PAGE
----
Good with his hands
It had been Mavis’ idea to shut early. “Too quiet,” she’d said, despite knowing there’d be a rush when the schools turned out. Today, I guessed, she couldn’t face children running around while their mothers tried on designer wear for a fraction of the price, and then tried to haggle.
“Maybe,” I’d said, hoping she’d change her mind, but she was as strong as her Yorkshire tea – decision made, job done.
So went down the blinds, “the blinkers to the world” she’d say, and that was it, afternoon off to do with as she wished.
Never time off, she’d make sure of that, but do chores that could have waited, nothing worth losing money over. I knew why she was doing it, the shop was no longer the haven she’d bought into, but one that had become mine. Without it I just had Mavis for company and… well, you can have too much of a good thing, as the saying goes.
I’d always been the practical one, said I’d help her with her ‘business-on-a-whim’, but a little goldmine as it turned out, even with mornings like this one.
I stood back as she locked up and tucked the keys into her bag… zipped it up as if it contained the crown jewels, then she took my arm and we walked home, stopping only to look in the charity shop’s window.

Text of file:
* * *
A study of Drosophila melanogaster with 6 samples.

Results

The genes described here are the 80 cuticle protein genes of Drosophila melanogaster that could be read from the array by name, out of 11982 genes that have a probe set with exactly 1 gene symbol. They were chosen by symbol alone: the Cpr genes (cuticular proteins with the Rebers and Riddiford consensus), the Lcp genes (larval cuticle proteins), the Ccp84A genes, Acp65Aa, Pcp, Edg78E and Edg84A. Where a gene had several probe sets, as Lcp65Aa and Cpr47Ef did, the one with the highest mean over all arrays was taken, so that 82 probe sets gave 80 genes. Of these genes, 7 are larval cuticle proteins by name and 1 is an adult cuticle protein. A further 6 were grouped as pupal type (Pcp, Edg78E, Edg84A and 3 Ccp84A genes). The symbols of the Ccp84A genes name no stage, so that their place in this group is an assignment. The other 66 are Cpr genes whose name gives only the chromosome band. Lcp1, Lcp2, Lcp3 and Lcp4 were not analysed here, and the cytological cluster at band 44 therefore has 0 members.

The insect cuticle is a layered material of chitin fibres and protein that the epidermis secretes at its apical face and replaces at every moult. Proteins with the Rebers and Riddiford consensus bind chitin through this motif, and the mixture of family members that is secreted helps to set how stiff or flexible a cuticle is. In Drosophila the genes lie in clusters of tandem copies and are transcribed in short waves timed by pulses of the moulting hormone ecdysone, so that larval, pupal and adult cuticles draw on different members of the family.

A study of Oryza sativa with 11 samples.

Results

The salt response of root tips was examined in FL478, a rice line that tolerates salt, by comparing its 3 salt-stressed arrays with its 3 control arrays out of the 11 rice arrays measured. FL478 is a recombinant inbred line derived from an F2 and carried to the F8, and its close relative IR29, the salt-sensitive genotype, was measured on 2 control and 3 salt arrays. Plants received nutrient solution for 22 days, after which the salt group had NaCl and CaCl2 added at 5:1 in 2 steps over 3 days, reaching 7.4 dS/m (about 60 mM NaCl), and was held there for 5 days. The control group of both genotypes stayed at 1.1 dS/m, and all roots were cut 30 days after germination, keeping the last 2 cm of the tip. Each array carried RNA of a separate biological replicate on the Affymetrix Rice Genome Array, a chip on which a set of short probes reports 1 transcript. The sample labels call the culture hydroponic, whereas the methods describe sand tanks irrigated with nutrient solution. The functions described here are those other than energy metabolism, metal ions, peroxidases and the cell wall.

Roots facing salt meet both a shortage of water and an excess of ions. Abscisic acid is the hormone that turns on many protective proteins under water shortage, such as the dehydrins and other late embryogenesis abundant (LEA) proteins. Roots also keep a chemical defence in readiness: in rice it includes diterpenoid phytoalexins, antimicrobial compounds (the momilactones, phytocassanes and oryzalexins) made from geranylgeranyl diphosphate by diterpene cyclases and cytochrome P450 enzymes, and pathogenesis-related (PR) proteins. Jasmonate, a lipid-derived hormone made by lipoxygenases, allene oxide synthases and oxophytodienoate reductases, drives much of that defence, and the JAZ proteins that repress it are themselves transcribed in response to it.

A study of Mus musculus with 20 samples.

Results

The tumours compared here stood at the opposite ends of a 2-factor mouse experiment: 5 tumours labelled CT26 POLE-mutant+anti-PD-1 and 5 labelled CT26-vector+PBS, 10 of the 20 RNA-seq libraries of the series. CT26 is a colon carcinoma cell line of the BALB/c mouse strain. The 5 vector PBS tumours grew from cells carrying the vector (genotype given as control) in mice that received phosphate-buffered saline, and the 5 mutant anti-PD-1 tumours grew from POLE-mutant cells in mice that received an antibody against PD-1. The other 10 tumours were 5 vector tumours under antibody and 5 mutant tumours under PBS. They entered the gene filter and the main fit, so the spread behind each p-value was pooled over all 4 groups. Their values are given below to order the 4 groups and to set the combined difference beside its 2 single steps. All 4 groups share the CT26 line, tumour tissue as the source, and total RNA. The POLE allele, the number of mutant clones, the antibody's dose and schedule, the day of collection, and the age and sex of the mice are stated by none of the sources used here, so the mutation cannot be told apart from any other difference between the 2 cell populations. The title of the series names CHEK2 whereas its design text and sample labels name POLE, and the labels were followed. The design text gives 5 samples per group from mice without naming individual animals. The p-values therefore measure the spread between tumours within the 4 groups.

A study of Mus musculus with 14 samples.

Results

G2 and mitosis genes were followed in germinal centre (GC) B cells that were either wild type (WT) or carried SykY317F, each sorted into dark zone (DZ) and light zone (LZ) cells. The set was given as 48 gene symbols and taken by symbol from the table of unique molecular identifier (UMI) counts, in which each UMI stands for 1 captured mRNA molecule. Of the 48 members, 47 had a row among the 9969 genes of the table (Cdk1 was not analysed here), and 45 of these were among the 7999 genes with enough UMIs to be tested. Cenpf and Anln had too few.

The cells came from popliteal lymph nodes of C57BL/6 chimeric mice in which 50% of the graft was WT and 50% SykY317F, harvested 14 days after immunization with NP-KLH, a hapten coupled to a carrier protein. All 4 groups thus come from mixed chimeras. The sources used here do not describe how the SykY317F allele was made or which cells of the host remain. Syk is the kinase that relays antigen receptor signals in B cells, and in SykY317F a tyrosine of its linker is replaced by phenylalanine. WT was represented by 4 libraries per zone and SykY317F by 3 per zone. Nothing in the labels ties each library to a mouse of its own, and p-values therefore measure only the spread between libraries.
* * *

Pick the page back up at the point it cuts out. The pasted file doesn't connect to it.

Awash with activity, a queue at the changing room, another at the till – all middle-aged women saving money to make their housekeeping go further – I wasn’t surprised at what happened next.
Mavis squeezed my arm and looked at the door. We’d been married for 40 years so I knew what was going through her mind; buy from the charity shop, sell in hers. Win, win.
I nodded. She released her hold on my arm and opened the door, striding over the threshold – a woman on a mission.
While I waited outside, I knew when I was surplus to requirement, my attention turned to the young man behind the counter; a gap-year student helping the British Red Cross instead of backpacking to more exotic locations. I never went to university, instead taking an apprenticeship at a local engineers… where I met Mavis, an assistant in the accounts department, good with figures while I’m good with my hands. So things would have been different if I’d gone to uni, maybe I’d have met someone else; a blonde instead of a brunette, with a willowy figure instead of petite and curvy, just like the lady now staring back at me.